UP TO 1000 Australian troops in Afghanistan will be home by the end of the year, after the multi-national force decided to officially close down the Tarin Kot base at the end of 2013.
Defence Minister Stephen Smith on Tuesday described the decision by the International Security Assistance Force as one of the three most significant days in the history of Australia's involvement in the conflict.
He said with the closure of the Tarin Kot base, the 1000 or so troops stationed there would definitely be brought home by the end of the year.
At present, there are about 1650 Australian troops in Afghanistan, with the remaining 650 troops stationed at bases in Kandahar and Kabul to stay, subject to further international negotiations on the future of the conflict.
Mr Smith said the announcement on Tuesday was in line with previous projections, and comes after meetings he attended in Chicago and Lisbon last year on the withdrawal.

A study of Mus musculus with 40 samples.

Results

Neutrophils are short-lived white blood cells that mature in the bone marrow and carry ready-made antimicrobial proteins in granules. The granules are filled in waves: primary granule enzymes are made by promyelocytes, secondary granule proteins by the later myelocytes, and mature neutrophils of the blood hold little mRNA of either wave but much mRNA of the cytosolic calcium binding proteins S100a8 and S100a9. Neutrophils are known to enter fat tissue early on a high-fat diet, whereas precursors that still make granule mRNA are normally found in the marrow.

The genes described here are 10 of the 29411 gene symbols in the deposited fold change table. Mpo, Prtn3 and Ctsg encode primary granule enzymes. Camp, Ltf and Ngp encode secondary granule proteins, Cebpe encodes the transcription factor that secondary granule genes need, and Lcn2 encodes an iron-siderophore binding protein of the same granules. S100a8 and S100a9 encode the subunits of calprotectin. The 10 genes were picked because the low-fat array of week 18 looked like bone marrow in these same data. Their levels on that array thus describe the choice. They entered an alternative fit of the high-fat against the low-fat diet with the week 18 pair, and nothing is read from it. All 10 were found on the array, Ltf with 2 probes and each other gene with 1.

The multi-national base Tarin Kot comprises two different camps - Camp Russell and Camp Holland - with Camp Holland to be disbanded by year's end.
Mr Smith said Camp Russell, where Australian Special Forces troops were currently stationed, would remain, but all responsibility for that camp would be handed over to the Afghan National Security Force by the end of 2013.
He said any remaining troops at Camp Holland would also be transferred to Afghan responsibilities by the end of the year, with that camp to be closed.
Mr Smith and Defence Force Chief General David Hurley also announced the first Battle Honour to be awarded since the Vietnam War.
General Hurley said the Special Air Service Regiment and 2nd Commando Regiment would receive the rare honour for their roles in the Shah Wali Kot Offensive last year.